Linux - KernelThis forum is for all discussion relating to the Linux kernel.
Welcome to LinuxQuestions.org, a friendly and active Linux Community.
You are currently viewing LQ as a guest. By joining our community you will have the ability to post topics, receive our newsletter, use the advanced search, subscribe to threads and access many other special features. Registration is quick, simple and absolutely free. Join our community today!
Note that registered members see fewer ads, and ContentLink is completely disabled once you log in.
If you have any problems with the registration process or your account login, please contact us. If you need to reset your password, click here.
Having a problem logging in? Please visit this page to clear all LQ-related cookies.
There is less than 2 hours left to vote in the 2015 LinuxQuestions.org Members Choice Awards. Click here to go to the polls. Vote now and make sure your voice is heard!
Introduction to Linux - A Hands on Guide
This guide was created as an overview of the Linux Operating System, geared toward new users as an exploration tour and getting started guide, with exercises at the end of each chapter.
For more advanced trainees it can be a desktop reference, and a collection of the base knowledge needed to proceed with system and network administration. This book contains many real life examples derived from the author's experience as a Linux system and network administrator, trainer and consultant. They hope these examples will help you to get a better understanding of the Linux system and that you feel encouraged to try out things on your own.
Click Here to receive this Complete Guide absolutely free.
We currently use 2.4.20 kernel, (the normal RH 9). We have a PC with 4GB RAM. When RH was installed, we got three kernels options to boot up with - uniprocessor, SMP and bigmem kernels. BTW, we use a 3.0GHZ Pentium Xeon Dual Core processor. Now, my questions are:
1. What are the differences between the three kernels
2. Though when we do cat /proc/meminfo and see all the 4GB RAM, we are not able to use them. Our software runs both from kernel space and someone the user space, but mainly on the kernel space, and for some reason, we want to use only the UP kernel. Is there a way to change something on the UP kernel to make use of all the 4GB RAM on the box?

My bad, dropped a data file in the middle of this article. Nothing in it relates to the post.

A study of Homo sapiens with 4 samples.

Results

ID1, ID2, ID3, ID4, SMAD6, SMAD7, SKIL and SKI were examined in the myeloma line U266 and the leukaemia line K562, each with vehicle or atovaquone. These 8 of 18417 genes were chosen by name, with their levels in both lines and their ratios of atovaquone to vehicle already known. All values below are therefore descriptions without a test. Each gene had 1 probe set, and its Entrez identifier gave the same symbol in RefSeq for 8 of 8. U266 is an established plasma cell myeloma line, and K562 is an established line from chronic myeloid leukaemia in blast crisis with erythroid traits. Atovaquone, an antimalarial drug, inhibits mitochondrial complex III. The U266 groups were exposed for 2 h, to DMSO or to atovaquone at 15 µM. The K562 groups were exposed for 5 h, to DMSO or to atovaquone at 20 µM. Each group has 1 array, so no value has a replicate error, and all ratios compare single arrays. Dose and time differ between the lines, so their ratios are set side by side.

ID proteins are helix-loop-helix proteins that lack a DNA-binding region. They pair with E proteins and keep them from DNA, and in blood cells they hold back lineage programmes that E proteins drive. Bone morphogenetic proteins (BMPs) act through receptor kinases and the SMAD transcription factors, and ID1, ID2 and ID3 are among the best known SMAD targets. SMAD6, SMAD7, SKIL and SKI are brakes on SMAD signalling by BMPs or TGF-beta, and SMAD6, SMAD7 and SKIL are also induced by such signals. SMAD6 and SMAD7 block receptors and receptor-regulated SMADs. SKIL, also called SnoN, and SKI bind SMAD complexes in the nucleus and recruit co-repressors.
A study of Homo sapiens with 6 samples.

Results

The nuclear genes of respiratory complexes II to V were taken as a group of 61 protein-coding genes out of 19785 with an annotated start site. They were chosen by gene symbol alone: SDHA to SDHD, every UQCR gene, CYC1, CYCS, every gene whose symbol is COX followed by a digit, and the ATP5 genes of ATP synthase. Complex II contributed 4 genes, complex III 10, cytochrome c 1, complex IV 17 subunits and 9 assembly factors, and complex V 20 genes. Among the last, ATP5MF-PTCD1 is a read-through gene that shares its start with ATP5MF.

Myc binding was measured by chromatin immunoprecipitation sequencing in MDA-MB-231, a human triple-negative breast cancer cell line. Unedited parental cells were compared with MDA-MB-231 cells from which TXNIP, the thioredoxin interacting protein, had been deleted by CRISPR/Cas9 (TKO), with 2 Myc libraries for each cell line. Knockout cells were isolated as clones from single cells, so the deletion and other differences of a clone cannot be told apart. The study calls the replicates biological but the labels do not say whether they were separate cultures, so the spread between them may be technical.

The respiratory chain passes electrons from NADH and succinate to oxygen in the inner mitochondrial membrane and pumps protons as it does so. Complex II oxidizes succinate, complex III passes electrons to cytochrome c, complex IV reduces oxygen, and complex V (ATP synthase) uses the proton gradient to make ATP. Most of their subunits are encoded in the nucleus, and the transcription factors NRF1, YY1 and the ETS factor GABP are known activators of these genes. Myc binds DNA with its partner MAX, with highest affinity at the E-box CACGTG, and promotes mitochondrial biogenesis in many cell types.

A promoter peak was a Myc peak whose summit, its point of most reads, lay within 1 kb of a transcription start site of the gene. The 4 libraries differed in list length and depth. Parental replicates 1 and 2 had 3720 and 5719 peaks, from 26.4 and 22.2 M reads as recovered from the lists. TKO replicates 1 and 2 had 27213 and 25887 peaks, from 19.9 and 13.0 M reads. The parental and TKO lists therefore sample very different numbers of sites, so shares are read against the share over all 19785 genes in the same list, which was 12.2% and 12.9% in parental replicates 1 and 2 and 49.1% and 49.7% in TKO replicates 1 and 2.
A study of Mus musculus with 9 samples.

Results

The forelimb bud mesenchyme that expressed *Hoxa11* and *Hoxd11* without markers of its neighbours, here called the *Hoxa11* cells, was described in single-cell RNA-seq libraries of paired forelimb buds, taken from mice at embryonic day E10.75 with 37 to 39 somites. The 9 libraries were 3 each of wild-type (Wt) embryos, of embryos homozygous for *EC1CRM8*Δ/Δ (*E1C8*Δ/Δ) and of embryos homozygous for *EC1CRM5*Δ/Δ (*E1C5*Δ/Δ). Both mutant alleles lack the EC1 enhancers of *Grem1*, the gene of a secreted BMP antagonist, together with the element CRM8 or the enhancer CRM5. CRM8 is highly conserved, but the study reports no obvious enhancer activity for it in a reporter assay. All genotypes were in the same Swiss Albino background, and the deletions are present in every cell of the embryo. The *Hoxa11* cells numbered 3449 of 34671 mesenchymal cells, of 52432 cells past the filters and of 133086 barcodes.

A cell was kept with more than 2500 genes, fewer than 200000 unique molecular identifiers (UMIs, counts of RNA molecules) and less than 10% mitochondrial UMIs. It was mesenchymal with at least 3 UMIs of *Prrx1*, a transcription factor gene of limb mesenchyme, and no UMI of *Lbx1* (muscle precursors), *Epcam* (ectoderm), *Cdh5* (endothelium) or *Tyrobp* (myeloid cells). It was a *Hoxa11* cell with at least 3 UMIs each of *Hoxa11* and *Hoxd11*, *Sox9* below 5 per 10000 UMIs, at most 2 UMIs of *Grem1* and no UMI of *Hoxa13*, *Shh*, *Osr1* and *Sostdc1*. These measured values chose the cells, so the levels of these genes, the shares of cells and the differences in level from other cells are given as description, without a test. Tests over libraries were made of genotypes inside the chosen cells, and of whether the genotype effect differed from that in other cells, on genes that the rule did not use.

You cannot access more than 1GB of RAM because your kernel is too old perhaps?
You do know that RH9 is very legacy - to get the most out of your hardware you should consider a more up-to-date distro. If you like the RedHat way, you may like Fedora Core ... this will be much much easier than upgrading RH9.
Yeah, its legacy stuff, but still, RH 9 is to be used...
Thanks for the reply Simon.
Yeah, we do know that RH 9 is legacy stuff, but currently we are bound to use that for some strange reason, which I currently do not know. We wanted to know that if RH 9 UP kernel allows to usemore than 1 GB address spaces, or do we have to use the SMP kernel or the bigmem kernel?
You have to use the bigmem kernel. Chances are the configs won't be too different if all 3 shipped with the distro so I doubt you'd notice any differences other than all your memory being used correctly
I have no idea about what the kernels actually support, I don't have the distro in front of me to have a look....
The default memory options in a vanilla kernel won't read more than 1GB, I've never been in the position to have a problem with that so I don't know what it'll show if you have more than what is supported. I'm just basing my comments on the fact that you are having problems with your memory not being used, ergo use the bigmem kernel.
If you want any more detailed information than that you're going to need to either look into it yourself by looking in /boot or /usr/src for kernel configs, booting each kernel individually and checking /proc/config.gz or looking in the Redhat documentation. For RH9 there probably won't be any docs left on the Redhat site in which case you go to the person who made the decision to use an out of date distro and inform them it is now their job to find the problem.
I think this is quite enough information for me. The reason why we haven't quite gone to the latest kernel is it requires lot of porting effort. It is currently being done, but it is going to take a while. Until then, we are trying to live with what is available.